9 Common Alzheimer’s Myths

How do we know if mom or dad has Alzheimer’s or not? Are we in denial about symptoms, or do we think any memory loss is a sign of dementia? Caring.com offers a list of common myths that all of us with aging parents or grandparents can relate to as we watch our loved ones age.

9 Common Alzheimer’s Myths
Dementia is not a normal part of aging

Myth 1: “Mom can’t have Alzheimer’s — she remembers all kinds of things.”

Alzheimer’s disease affects newly learned information or recent memories first. Memories of the more distant past — including arcane details such as names and places — may endure for some time. The majority of longer-held memories don’t typically erode noticeably until the middle stage of the disease. That’s why someone recently diagnosed can often recall things in the past quite well.

In addition, an Alzheimer’s patient has good days and bad days, sometimes appearing to improve or to function in a “back to normal” way for short periods. Sufferers also tend to retain basic social skills during the early stages of the disease — including the ability to “rise to the occasion” by doing their best to cover up potentially embarrassing or disruptive signs of the disease, like disorientation or memory loss.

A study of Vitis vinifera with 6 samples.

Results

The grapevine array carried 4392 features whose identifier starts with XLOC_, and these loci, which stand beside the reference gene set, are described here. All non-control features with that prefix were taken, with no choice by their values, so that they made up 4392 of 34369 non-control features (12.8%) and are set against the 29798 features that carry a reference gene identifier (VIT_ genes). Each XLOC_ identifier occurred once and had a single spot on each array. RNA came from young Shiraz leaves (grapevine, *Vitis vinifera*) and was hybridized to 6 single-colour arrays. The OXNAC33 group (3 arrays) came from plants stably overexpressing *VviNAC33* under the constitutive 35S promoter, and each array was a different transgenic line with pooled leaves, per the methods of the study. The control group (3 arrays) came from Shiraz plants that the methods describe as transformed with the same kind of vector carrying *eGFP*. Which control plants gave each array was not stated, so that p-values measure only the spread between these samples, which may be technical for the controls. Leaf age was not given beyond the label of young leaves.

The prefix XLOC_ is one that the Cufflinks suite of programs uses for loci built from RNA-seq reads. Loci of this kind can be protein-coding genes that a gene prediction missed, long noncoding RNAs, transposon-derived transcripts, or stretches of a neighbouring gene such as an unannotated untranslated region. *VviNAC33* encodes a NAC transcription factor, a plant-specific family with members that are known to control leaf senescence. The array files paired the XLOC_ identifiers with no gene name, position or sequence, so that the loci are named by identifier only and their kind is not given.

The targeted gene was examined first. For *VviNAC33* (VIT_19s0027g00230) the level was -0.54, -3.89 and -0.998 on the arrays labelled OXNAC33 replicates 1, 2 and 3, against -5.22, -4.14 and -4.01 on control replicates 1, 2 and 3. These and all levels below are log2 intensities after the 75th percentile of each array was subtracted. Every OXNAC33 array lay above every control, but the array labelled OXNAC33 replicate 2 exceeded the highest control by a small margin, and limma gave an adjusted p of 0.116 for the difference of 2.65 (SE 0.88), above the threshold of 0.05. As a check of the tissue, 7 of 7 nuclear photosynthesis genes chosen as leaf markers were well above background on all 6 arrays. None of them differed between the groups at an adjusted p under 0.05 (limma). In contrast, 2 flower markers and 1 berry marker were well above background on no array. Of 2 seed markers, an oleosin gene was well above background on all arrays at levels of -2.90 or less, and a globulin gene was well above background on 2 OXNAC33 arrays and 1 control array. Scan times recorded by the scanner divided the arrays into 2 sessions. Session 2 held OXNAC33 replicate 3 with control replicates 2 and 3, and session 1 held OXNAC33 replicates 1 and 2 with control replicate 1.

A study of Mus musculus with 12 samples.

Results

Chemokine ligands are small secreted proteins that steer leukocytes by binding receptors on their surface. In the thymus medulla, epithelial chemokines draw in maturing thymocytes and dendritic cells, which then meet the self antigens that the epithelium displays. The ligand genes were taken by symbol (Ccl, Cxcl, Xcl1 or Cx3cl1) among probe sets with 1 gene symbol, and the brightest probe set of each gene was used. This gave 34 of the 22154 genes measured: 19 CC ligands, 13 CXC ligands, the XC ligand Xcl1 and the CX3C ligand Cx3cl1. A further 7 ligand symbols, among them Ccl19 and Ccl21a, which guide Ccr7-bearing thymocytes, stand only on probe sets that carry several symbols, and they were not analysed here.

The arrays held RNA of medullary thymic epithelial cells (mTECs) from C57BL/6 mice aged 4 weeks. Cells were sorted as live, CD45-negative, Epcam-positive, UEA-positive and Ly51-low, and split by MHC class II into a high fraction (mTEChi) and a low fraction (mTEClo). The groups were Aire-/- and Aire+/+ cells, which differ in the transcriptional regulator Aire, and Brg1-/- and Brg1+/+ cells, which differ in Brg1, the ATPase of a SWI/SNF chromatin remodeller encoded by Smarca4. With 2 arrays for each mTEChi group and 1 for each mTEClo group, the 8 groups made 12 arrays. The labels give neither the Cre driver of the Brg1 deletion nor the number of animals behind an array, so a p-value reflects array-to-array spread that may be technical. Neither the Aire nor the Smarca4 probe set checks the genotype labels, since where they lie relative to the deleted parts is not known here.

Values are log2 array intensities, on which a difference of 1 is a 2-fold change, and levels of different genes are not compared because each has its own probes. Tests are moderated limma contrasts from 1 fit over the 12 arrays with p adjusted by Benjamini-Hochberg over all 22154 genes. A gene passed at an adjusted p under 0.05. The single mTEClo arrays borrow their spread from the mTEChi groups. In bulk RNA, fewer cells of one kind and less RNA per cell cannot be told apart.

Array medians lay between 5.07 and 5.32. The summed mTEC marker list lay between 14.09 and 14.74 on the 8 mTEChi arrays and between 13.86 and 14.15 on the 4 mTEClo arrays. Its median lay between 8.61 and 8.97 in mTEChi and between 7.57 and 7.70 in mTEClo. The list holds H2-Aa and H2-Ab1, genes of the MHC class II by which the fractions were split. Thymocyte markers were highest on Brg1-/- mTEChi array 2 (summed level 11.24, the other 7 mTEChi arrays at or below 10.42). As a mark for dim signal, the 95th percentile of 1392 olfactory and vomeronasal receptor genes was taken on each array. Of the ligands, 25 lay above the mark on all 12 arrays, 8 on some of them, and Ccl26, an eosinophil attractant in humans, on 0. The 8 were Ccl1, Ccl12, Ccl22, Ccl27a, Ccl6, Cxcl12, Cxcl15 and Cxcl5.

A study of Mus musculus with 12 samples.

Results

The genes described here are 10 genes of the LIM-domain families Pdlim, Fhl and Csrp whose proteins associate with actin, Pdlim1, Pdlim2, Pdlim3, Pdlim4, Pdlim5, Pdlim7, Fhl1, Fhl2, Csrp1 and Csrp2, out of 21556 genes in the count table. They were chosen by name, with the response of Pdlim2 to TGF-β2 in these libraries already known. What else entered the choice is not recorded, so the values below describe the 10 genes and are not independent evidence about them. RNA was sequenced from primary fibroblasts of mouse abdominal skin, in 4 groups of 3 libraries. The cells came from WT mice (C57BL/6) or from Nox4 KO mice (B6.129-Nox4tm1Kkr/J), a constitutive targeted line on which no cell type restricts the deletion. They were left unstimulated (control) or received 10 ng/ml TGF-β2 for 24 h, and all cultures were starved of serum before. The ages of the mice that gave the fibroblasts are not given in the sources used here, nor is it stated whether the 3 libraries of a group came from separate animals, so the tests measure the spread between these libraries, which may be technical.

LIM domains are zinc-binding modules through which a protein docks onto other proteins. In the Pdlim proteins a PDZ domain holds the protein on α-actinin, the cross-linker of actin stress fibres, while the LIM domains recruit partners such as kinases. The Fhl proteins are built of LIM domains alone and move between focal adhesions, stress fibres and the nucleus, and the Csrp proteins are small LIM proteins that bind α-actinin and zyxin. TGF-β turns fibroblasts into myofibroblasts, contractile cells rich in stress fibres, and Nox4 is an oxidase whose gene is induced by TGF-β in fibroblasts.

Myth 2: “If you live long enough, you’ll get Alzheimer’s.”

Alzheimer’s and other forms of dementia aren’t an inevitable part of aging. True, almost everyone forgets things occasionally from middle age on. But not everyone develops a brain disorder that affects cognition (thinking ability), including memory, judgment, and eventually personality and behavior — which is what Alzheimer’s is. Millions of people reach their 70s, 80s, and even 90s with good memories and relatively little decline in mental abilities.